What about the children? …

I stumbled back across some notes from a small discussion group I shared in at Glorieta last October. Ivy Beckwith, who recently released Postmodern Children’s Ministry, made reference to some research suggesting about 1% of all children are getting spiritual formation from their parents. Yet, 90% of paretns believe they are the primary source of spiritual formation for their children.

Dallas Willard offers a simple understanding of the activity of spiritual formation. We will be spiritually formed by something – actively or passively we are being spiritually formed.

If parents really believe they are the primary source of spiritual formation for their children and yet only 1% of all children are getting their spiritual formation from their parents, then it stands to reason “Christian” parents have largely determined their children should be spiritually formed by other influencers. Parental passivity is indeed active spiritual formation. Their hopes must rest upon the community to which they attach themsleves and their families with the hope that particular community is a faith community that is diligent to teach.

The rub comes when these same parents discover their children have been poorly formed. Thinking they have offered their children to a community of faith – who only enjoys life-sharing at most three-four hours a week – they become enraged the community of faith is not doing a better job.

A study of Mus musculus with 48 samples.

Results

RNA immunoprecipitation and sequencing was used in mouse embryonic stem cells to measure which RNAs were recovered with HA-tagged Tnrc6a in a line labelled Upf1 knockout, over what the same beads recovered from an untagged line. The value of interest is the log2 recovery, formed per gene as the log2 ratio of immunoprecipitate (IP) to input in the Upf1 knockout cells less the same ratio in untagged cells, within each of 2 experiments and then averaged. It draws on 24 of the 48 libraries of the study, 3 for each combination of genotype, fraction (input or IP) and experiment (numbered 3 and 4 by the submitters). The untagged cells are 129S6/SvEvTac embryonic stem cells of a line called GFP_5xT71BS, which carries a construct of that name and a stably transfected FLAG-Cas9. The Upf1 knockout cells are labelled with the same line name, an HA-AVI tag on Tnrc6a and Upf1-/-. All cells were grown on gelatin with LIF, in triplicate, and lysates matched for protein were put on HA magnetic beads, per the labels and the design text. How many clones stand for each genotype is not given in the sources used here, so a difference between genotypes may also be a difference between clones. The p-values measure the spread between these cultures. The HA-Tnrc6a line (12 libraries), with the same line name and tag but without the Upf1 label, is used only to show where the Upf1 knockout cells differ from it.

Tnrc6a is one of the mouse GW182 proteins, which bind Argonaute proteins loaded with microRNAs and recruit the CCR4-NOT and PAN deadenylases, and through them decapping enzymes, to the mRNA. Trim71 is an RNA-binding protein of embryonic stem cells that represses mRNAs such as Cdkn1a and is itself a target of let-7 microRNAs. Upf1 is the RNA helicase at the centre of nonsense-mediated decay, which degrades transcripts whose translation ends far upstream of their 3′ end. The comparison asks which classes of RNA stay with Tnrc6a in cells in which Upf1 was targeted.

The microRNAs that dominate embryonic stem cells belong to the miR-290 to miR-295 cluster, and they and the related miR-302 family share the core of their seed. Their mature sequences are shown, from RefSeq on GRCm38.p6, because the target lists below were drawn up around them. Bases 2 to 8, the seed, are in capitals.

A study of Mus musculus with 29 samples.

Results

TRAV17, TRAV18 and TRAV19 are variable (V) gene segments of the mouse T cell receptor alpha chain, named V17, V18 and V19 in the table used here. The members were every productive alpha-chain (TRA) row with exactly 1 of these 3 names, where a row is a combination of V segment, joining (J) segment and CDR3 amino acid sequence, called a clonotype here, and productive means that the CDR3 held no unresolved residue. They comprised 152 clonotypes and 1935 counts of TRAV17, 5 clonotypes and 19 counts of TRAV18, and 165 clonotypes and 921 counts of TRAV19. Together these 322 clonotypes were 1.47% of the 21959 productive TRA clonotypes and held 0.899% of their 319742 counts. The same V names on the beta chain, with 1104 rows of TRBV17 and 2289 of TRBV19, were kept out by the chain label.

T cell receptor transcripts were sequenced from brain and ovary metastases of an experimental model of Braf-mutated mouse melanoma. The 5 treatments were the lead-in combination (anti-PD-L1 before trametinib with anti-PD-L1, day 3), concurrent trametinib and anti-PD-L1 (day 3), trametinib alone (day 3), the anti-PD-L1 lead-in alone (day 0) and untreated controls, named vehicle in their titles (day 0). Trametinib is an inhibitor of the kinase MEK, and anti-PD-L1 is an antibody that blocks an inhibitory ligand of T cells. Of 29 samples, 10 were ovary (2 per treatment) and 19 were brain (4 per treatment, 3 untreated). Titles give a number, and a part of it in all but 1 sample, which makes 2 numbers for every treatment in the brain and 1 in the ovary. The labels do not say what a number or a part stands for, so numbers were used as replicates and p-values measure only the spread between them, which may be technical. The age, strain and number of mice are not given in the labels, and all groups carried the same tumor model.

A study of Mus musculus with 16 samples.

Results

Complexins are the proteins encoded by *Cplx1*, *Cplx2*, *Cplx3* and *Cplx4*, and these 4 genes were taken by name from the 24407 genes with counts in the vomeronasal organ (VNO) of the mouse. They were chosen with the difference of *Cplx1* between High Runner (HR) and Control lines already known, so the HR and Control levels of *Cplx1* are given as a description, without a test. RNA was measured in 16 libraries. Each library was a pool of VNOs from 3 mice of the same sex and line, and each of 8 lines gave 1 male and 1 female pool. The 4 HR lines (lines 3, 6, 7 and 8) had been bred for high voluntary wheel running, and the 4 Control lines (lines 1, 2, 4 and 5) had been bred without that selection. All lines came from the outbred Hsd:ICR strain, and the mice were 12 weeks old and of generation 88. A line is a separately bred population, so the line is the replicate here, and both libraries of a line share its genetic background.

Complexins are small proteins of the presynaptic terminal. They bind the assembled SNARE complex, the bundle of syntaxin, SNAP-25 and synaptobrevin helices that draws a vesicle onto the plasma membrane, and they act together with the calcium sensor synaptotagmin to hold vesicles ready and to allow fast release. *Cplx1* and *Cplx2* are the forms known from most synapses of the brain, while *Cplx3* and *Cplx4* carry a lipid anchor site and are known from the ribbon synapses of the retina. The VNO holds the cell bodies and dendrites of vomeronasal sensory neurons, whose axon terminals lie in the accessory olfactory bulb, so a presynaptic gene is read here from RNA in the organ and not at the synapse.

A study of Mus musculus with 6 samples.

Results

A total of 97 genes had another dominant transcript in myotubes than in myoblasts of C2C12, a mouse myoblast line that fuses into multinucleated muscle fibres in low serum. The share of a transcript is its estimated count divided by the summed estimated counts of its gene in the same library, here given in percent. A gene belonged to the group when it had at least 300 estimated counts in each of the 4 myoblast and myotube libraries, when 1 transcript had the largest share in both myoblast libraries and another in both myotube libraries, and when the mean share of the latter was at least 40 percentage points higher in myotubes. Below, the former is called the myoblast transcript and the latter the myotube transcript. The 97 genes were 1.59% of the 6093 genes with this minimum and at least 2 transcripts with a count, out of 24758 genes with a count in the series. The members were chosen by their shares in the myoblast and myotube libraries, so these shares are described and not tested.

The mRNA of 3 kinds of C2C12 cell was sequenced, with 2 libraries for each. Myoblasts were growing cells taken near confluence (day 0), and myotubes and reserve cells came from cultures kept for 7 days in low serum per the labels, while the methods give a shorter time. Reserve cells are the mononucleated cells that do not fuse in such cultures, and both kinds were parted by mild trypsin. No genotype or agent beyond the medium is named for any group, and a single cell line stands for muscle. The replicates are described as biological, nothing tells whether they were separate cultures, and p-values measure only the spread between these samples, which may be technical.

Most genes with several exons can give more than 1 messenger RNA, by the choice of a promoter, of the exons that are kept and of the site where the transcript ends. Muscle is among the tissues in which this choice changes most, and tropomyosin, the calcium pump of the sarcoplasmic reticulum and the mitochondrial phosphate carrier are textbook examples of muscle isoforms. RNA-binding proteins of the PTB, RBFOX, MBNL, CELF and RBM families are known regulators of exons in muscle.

The problem – the community of faith cannot overcome a passive parental spiritual formation for the key ingredient according to the pattern in Scripture is to talk about life and faith all the time – eating, traveling, playing – all the time. If there is no talk then the child can only assume spiritual things only matter a few hours a week during the course of life. And when that discovery is made unwittingly the child has become spiritually formed in a way different than their parents say they would like but consistent with the living of their lives.

We then fall back on the proof-texting of a verse in the Hebrew Scriptures – “Train up a child in the way he should go and when he is old he will not depart from it.” My mentor offers a take on this verse that ruins the idea that the parent who plants the seed will eventually see that seed blossom. If the seed is a three-four hour spiritual exercise given by someone other than the parent, then when the child is old he/she will only give the time to spriitual things they learned as a child. They will not depart.

Spiritual formation is more than taking/dragging children to a spiritual gathering a couple of times a week. If it is assumed that is all it is then parents reap what has been sown.

I pray for our parents – and their children.

About the Author
Husband to Patty. Daddy to Kimberly and Tommie. Grandpa Doc to Cohen, Max, Fox, and Marlee. Pastor to Snow Hill Baptist Church. Graduate of Oklahoma Baptist University and Southwestern Baptist Theological Seminary. Reading. Photography. Golf. Colorado. Jeeping. Friend. The views and opinions expressed here are my own and should not be construed as representing the corporate views of the church I pastor.

1 comment on “What about the children? …

  1. Anonymous says:

    You need to publish that in a newsletter (or I need to publish it in ours). That’s great stuff – and much needed.